Dow Ends Up 500 Points, S&P 500 Finishes Just Shy of 3,000 as Lockdowns Ease

Stocks finish higher as investors embrace moves worldwide to ease coronavirus lockdowns and signs of progress toward a vaccine.

The Dow Jones Industrial Average ended up 529 points, or 2.17%, to 24,995, the S&P 500, which had pushed past 3,000, finished up 1.23% to 2,991 and the Nasdaq rose 0.17%.

With all 50 U.S. states now easing lockdowns in some form or another and countries from Japan to the United Kingdom lifting stay-at-home orders and allowing stores and small businesses to reopen, investors are betting the worst of the pandemic, which has taken nearly 350,000 lives around the world, has passed.

“As is the financial market’s wont these days ... even the slimmest of positive news on the Covid-19 front triggers a bullish immune response and another wave of the peak-virus trade,” said Jeffrey Halley of Oanda.

Worries remain about a resurgence in infections and an escalation of tensions between Washington and Beijing. 

China, on Monday, condemned a move by the United States to add 33 Chinese companies to its so-called entity list, which imposes license requirements on all exports, re-exports and transfers of items coming from the U.S.

White House adviser Larry Kudlow told Fox News Tuesday that President Donald Trump was "miffed" with China over the coronavirus outbreak and the trade deal the countries reached in January meant less to him.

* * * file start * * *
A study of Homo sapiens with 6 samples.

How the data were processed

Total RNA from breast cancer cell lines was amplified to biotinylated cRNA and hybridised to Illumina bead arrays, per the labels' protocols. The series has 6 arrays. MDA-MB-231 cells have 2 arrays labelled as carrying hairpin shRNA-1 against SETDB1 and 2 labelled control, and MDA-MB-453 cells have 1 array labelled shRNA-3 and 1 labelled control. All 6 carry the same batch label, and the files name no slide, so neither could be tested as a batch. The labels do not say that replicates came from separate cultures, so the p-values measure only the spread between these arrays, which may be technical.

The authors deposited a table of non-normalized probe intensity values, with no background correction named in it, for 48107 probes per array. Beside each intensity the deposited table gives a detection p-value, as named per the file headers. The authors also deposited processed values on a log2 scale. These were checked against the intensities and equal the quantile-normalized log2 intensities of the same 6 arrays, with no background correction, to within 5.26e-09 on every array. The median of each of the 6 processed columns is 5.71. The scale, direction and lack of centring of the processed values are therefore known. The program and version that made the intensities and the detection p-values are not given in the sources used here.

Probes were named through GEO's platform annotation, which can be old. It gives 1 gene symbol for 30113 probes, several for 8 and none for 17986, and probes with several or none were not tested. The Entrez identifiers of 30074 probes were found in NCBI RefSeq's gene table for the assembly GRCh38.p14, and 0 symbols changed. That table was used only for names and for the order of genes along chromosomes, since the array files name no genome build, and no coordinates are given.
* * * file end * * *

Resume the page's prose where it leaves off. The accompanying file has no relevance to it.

Consumer confidence in the U.S. rose to 86.6 in May from 85.7 in April following two months of sharp declines.

“Following two months of rapid decline, the free fall in confidence stopped in May,” said Lynn Franco, senior director of economic indicators at the Conference Board. “Short-term expectations moderately increased as the gradual reopening of the economy helped improve consumers’ spirits.”


The NYSE closed the floor about two months ago due to the coronavirus pandemic and moved to all-electronic trading. Traders returning Tuesday were wearing masks and following social-distancing guidelines.

Merck  (MRK) - Get Report said it was jumping into the global search for a Covid-19 cure and treatment with the development of two different vaccines to prevent it as well as an oral medication to treat it.

Merck, which has kept to the sidelines of the race for a Covid-19 vaccine, said Tuesday it was buying Vienna-based vaccine maker Themis Bioscience for an undisclosed amount, and would collaborate with research nonprofit IAVI to develop two separate vaccines.

It also announced a partnership with privately held Ridgeback Biotherapeutics to develop an experimental oral antiviral drug against Covid-19.

Novavax  (NVAX) - Get Report began enrolling patients in a trial for its coronavirus vaccine candidate.

The Phase 1 portion of the trial will enroll about 130 healthy participants 18 to 59 years of age at two sites in Australia. The trial will evaluate the safety and effectiveness of the company's vaccine candidate, NVX-CoV2373.

Meanwhile, the Justice Department will not file insider trading charges against Sen. Kelly Loeffler (R-Georgia), The Wall Street Journal reported Tuesday.

The department informed lawyers for Loeffler and two other senators scrutinized for their coronavirus-era stock trades that they are closing their investigations into the matters. A DOJ investigation into Sen. Richard Burr (R-N.C.) continues, however, the Journal said.